About Whiskey Falls (Whisky Falls)
Whisky Falls (I’ve also seen it spelled Whiskey Falls) was a diminutive waterfall with a cumulative drop of a reported 40ft over a couple of tiers on rounded granite slabs.
With it being so easy to visit (once we found out how to access it by car; see directions below), we looked for ways to extend our time here.
In doing so, I figured out that there was a little alcove behind the falls, where I was able to crouch into it from the side of the creek to get that unusual view of the waterfall’s backside.
Meanwhile, Mom took off her shoes and put her feet in very cold creek to offset the high temperatures of the Summer.
Our visit to this waterfall took place in July, where you can see in the photo above, seemed to have occurred under low flow conditions.
I’ve read that this creek should flow year-round, but its visual impact would probably be best during the late Spring and early Summer months (May to June).
Even though Whisky Falls was pretty remote as far as vehicular access was concerned, we definitely weren’t the only people here as it was practically next to the Whiskey Falls Campground.
Nevertheless, this place definitely felt much quieter and intimate for a roadside waterfall, and we enjoyed our 30 minutes spent here.
Whisky Falls resides in the Sierra National Forest near North Fork in Madera County, California. It is administered by the USDA Forest Service. For information or inquiries about the area as well as current conditions, visit their website.
Although we visited Whisky Falls during a long drive from Huntington Lake to Oakhurst via Shaver Lake and Bass Lake, it seemed like the nearest big town to make a visit to the falls was Oakhurst.
Since we stayed in that town on the day we visited the falls, we’ll start the driving directions from there.
Oakhurst was about 47 miles (a little under an hour’s drive) north of the Hwy 99/Hwy 41 interchange in Fresno.
From the Hwy 41 and Hwy 49 traffic light in Oakhurst, we’d drive north on Hwy 41 for about 3.5 miles.
We would then turn right onto Bass Lake Road (there was also a sign indicating this was the way to Bass Lake).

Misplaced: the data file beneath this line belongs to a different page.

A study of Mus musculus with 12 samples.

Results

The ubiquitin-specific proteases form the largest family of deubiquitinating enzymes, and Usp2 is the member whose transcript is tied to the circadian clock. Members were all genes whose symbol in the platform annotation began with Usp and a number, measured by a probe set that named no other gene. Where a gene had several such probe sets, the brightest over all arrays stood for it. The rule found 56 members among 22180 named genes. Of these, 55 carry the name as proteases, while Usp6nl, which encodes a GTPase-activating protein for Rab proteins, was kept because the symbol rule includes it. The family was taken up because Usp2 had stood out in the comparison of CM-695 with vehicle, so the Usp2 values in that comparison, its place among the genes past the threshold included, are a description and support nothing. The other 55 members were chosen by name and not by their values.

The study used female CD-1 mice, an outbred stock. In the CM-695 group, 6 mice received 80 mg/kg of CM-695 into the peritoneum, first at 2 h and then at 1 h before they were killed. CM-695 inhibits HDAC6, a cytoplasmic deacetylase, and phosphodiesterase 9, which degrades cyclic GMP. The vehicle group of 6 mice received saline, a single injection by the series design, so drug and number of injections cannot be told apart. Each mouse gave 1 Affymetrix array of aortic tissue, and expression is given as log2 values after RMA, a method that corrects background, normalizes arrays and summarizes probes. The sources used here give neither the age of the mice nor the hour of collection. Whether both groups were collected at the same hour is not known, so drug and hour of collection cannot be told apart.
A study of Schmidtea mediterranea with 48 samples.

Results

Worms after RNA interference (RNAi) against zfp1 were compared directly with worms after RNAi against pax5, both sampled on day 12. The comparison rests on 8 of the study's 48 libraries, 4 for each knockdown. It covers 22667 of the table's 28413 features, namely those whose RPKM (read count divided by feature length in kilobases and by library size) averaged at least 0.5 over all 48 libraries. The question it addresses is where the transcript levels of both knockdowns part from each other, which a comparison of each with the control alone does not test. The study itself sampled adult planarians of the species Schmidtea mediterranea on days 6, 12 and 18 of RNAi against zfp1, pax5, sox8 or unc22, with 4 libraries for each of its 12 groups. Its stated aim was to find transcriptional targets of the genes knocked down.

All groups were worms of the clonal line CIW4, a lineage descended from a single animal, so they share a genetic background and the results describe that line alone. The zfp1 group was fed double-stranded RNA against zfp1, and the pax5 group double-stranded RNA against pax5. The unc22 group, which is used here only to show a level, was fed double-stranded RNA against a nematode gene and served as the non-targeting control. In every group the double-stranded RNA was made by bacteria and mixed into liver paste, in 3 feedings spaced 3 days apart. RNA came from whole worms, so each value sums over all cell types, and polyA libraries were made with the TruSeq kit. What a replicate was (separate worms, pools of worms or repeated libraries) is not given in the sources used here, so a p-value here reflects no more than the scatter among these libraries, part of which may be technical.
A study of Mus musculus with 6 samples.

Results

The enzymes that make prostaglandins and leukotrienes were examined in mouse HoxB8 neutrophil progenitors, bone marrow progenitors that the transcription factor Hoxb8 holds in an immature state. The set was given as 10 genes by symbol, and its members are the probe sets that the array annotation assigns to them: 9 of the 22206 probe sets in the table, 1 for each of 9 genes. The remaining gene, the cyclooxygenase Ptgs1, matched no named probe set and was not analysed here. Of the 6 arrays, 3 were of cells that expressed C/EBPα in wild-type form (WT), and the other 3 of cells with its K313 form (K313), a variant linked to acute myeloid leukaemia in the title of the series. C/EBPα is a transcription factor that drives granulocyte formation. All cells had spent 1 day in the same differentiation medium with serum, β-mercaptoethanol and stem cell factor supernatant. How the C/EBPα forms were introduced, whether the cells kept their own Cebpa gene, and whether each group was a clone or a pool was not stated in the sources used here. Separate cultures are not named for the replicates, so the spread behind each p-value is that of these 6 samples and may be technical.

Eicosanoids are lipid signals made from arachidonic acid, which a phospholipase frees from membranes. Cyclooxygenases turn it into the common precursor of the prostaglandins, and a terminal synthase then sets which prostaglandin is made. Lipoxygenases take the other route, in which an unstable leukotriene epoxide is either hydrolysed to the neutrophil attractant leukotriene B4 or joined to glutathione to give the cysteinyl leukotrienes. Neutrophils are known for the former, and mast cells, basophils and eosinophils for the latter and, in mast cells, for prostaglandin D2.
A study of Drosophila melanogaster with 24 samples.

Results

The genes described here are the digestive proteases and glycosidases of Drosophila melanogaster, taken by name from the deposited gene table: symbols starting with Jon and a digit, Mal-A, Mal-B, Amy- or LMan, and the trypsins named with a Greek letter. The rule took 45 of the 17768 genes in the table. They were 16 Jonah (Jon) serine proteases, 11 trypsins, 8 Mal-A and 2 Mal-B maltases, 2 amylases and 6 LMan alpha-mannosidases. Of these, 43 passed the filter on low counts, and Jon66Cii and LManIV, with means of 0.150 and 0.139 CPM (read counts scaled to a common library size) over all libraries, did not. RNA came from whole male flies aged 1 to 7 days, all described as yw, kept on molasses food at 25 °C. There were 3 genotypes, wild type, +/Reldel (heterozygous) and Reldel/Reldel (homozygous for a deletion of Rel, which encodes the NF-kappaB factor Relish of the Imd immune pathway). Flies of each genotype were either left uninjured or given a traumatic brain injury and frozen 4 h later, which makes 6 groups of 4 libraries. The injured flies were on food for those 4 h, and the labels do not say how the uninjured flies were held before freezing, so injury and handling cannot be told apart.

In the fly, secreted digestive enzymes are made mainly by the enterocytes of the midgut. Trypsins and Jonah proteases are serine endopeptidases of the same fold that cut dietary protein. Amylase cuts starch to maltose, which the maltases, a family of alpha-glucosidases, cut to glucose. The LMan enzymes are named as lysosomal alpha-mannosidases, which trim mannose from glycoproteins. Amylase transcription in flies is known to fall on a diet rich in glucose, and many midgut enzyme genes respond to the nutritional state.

Next, we’d follow Bass Lake Road for around 4 miles where we’d then bear left onto Road 274 (Malum Ridge Road).
Then we’d continue for the next 10 miles on Malum Ridge Road before turning left onto Mammoth Pool Road (at a four-way stop near the town of North Fork).
Following Mammoth Pool Road for just under a mile, we then turned left onto Road 233 or Cascadel Rd (there was a sign indicating Whiskey Falls Campground was this way).
After about a half-mile, we kept left at a fork leading us onto Autumn Ridge Way (Road 8S09).
Once we were on Autumn Ridge Way, the road became unpaved at some point.
We then followed this road for roughly 7.5 miles passing through an extensive burn area as well as a grove severely affected by bark beetles resulting from the multi-year drought in California.
Most of this road was a little on the bumpy side, but it was quite doable by passenger vehicles except for one little bouldery stream crossing that looked like it could shred a tire if not careful.
Other than that, we then followed a sign indicating that the Whiskey Falls Campground was to our right, and we turned right to continue on the Whisky Snowmobile Trails Rd.
This road became a little narrower for the last 1.2 miles as it would ultimately arrive at a bridge.
Whisky Falls was just a few paces upstream from this bridge.
There appeared to be a little sloping pullout on the left just beyond the bridge as well as a narrower pullout further down the road on the right (where we parked).
Of course, if you’re camping here, there would be plenty of parking for your designated camping spot.
Overall, this drive took us about just under an hour.
If you were to come from Huntington Lake like we did on the way to Whisky Falls, it took us around 2.5 hours to make this drive.
We did it by going south on Hwy 168 towards Fresno, then turning right onto Auberry Rd and following it north towards Mammoth Pool Rd in North Fork before picking up the rest of the directions as described above.
To give you some additional geographical context, Fresno was 221 miles (3.5 hours drive) north of Los Angeles and 188 miles (about 3 hours drive) southeast of San Francisco.